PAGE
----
The social-networking site will get about $25 million from agreements with Google and Microsoft, enough to push it into the black for the first time, sources say.

December 22, 2009|Bloomberg News

Twitter Inc. will make about $25 million from Internet-search deals with Google Inc. and Microsoft Corp. announced in October, enough to push the site into profitability, people familiar with the matter said.

A deal that made Twitter's messages searchable on Google's site will generate about $15 million, the sources said, while a similar pact with Microsoft's Bing search engine will earn Twitter about $10 million.

As a result, Twitter is expected to make a small profit in 2009 after paying operating costs of about $20 million to $25 million a year. The San Francisco firm has 105 employees, its website says.

Since its founding in 2006, Twitter has raised about $155 million in venture capital, including a $100-million investment in September that valued the company at $1 billion, according to a person familiar with the deal.

Until this year, Twitter had little revenue, let alone profit. But the company attracted millions of users to its free service, which lets post and read 140-character messages, known as tweets.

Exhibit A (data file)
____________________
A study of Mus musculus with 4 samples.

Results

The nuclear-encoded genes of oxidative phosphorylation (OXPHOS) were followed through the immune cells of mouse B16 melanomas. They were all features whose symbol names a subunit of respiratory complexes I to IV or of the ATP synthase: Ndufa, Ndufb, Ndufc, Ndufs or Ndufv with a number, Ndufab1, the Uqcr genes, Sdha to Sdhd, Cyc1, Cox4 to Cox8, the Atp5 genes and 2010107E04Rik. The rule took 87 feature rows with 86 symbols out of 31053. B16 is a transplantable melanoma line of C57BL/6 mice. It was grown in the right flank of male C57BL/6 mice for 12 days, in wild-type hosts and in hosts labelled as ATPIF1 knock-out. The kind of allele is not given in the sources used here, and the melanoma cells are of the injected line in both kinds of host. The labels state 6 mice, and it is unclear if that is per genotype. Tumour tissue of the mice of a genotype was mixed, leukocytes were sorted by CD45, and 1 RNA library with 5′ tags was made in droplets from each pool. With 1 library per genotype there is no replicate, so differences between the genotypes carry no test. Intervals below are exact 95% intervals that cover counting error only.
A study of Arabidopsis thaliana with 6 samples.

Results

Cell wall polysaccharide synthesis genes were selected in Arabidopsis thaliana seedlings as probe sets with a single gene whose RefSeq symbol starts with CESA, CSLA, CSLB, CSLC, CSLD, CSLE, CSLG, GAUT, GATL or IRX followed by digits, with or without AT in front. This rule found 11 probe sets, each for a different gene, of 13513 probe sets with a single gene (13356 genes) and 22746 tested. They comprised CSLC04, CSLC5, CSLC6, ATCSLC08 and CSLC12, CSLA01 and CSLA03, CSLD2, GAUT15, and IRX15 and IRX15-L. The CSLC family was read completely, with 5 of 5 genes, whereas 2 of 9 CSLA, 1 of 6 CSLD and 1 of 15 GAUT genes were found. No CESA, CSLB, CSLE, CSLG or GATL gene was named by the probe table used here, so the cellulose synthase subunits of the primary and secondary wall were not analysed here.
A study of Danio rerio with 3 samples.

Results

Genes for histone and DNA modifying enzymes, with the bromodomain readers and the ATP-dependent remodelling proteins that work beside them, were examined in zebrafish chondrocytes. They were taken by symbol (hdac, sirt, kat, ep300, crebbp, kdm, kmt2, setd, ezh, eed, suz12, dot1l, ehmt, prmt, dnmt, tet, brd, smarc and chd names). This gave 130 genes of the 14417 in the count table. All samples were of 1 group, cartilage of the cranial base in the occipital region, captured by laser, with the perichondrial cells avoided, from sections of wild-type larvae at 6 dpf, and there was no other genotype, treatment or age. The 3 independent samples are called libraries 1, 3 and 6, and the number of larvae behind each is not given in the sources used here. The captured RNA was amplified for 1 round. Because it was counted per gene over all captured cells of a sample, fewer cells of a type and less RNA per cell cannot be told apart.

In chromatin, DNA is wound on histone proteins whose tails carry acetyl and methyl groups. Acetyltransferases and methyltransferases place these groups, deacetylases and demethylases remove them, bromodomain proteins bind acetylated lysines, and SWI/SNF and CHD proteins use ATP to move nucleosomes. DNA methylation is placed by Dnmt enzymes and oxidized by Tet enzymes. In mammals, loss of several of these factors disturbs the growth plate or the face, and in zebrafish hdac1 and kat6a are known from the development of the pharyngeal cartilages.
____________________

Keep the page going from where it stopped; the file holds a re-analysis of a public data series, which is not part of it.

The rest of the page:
Chief Executive Evan Williams said two months ago that the company was focusing on improving the service rather than finding ways to make money.

That left many analysts and investors wondering how Twitter would convert its popularity into earnings. Twitter has more than 58 million monthly users worldwide, according to research firm ComScore Inc.

The company's website is the third-most popular social-networking site in the U.S., after Facebook Inc. and News Corp.'s MySpace.

Twitter co-founder Biz Stone declined to comment on finances, saying only that Twitter was proud of what it accomplished in 2009.

"We're thrilled about the partnerships we've formed this year," Stone said in an e-mail.

Representatives of Google and Microsoft also declined to comment on the value of their deals with Twitter.

The payments from Google and Microsoft underscore the growing value of the data coursing through Twitter's network. Both tech giants have said their search engines would be incomplete if they didn't include the millions of messages posted on Twitter every minute.

"We believe that our search results and user experience will greatly benefit from the inclusion of this up-to-the-minute data," Marissa Mayer, Google's vice president in charge of search products, wrote in a blog post after the deals with Twitter were announced.

Tweets also are a source of product information, with shoppers using Twitter to share views on their purchases. Making that information available on Google and Bing could help the search sites sell more advertising and provide more relevant search results to shoppers.

In addition to the search deals, Twitter has said it will charge for commercial accounts, which would let businesses analyze tweet traffic.